CLIFTON PARK, N.Y. – For more than a decade the Shenendehowa Athletic Department has celebrated the accomplishments of its student-athletes who make an official commitment to a college or university at the highest level of competition and the Division I level.
This year athletic director Christopher Culnan made it a priority to include the other top stars within their sports that will continue to compete in their respective sports for the next four years in the first-ever Division II, Division III and Junior College recognition ceremony in the High School East Gymnasium at the end of the school year.
The fields remain the same size; the rules are the same from the junior college level to Division III through Division I, little changes, with the exception of potential coverage on ESPN. The change is the opportunities for some athletes that help shape their decisions.
Shenendehowa rower Patrick Moore is going to a Division I sports powerhouse school in Penn State, but his strokes will now be taken with the club team, but the academic draw made him a Nittany Lion.
“For me the field, astronautical engineering and not just aerospace, most schools don't have an astronautics program and Penn State was one of the only schools,” Patrick Moore said. “I found out recently that Penn State has a program called the Lunar Lions where they are sending a spacecraft to the moon in an effort to win the Google Lunar X prize.
“They were one of the top competitors, even though Google ended the contest; they are continuing the missions and their ideas.”
With such an intense major, rowing Division I would have been almost as hard as putting a racing shell in space.
“The workload is not too fun as it is in high school and you do have to time manage and focus on specific tasks, in college you still have that huge workload and I don't want to lose focus on my academics over athletics,” Moore said.
He still hopes to make an impact on the Penn State campus for his sport.
“I do hope to join the team's board to try and help them get a new boathouse and even a dock,” Moore said. “I do plan on trying to contribute to the club growing as it is.”
Shen rower Max Palmer had Rochester Institute of Technology in his sites from an early age.
“Shen has a ton of RIT programs with project Lead the Way and ever since eighth-grade when I learned that they were behind all the tech classes and stuff I just wanted to go there,” Max Palmer said. “It was my goal since then. I didn't think I'd make it and then I did, I was pretty happy.”
He chose RIT over local engineering programs at RPI and its crew team. Now he’s looking to make an impact for the Tigers.
“They have a lot of walk-ons, people who haven't rowed or don't know how to scull, so the fact that I had experience in both kinds of rowing they immediately wanted me,” Palmer said. “Being the captain on our team (Shen) helped too.”
Choosing a school for the next four years is a challenge for any senior, then when you add a sport the climb gets harder and if you are interested in a specific position within a sport it becomes an arduous task.
But it was nothing that Shenendehowa senior coxswain Virginia Partlow who threaded the needle to find the perfect fit for her school, career and sport at the Wentworth Institute of Technology.
“Our list was very small when I was searching, I was very adamant about having architecture and rowing,” Virginia Partlow said. “Then putting the five-year limit on top of that and I only applied to two schools, Roger Williams and Wentworth.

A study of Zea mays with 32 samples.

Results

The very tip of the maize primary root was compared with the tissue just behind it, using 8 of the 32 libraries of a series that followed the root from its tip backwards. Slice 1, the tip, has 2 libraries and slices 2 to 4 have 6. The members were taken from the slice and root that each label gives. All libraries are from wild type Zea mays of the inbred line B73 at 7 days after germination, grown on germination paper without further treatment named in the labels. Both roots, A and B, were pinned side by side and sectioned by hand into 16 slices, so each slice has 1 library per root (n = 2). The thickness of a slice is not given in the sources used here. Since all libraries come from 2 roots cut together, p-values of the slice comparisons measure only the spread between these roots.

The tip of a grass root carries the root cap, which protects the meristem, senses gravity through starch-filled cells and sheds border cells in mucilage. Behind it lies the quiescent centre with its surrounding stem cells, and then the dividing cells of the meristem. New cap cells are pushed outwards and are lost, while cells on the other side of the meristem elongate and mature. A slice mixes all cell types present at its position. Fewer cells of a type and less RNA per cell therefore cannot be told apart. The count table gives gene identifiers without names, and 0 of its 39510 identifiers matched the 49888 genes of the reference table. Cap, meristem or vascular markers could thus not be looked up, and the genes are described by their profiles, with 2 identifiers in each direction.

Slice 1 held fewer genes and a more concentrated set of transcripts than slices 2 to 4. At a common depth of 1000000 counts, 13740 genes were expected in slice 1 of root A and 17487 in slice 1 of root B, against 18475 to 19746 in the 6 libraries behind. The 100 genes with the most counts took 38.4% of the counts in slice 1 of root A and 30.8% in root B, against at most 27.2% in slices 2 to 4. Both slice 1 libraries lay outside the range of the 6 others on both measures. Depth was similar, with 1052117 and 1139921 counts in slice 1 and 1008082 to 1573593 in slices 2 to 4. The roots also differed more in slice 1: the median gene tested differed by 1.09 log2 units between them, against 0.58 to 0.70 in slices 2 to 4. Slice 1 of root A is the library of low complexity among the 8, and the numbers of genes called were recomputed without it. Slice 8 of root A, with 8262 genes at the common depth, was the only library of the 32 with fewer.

“They have a five-year program so after I will graduate with a masters and I can go great into the workforce, so for me that was one of the main things I was looking for.”
She was also looking to continue calling races for her new college rowing team.
“I started off as a rower after a series of injuries I just decided I wanted to be a coxswain, so I have both the rower point of view and the coxswain point of view and coxed twice at the Head of the Charles,” Partlow said. “That was something they were interested in because it is such a big race. I've had a lot of experience and a lot of the coaches have very good things to say about me.
“I'm very open to learning, I'm very coachable and I already have knowledge and they said you have a chance at being the V1 coxswain. Everything that you know, there is a chance that you could do it. With the drive that you have and the passion for the sport it's doable.”
Shen pitcher Ben Lavery chose Division III St. John Fisher College, joining a Shenendehowa teammate and finding a perfect fit over the lights of potential College World Series coverage with a Division I school on ESPN.
“I was looking at a majority of DI and DIIs, but when I visited there, the campus and how their coaches treated their players individually and how the current team said how their coaching staff treats their teammates it stuck out,” Ben Lavery said. “They have a great campus, a great atmosphere and it really stood out for me when I chose it over schools.”
He also knows he has a friend on the St. John Fisher campus.
“Brandon Roberts who graduated last year is playing out there, when he eventually chose there it kind of put that back in my head again,” Lavery said. “He always talked about it, his coach reached out to me and I took a closer look and eventually fell in love with the program.”
Like many Division II and Division III athletes, it’s four more years of competing.
“I get four more years of baseball, that's all you have to think about.” Lavery said. “Some kids are playing four more years; some people get over-hyped about the divisions, and its four more years of baseball.
“Four more years of the game that you've played since you were four years old and I'm forever thankful for that.”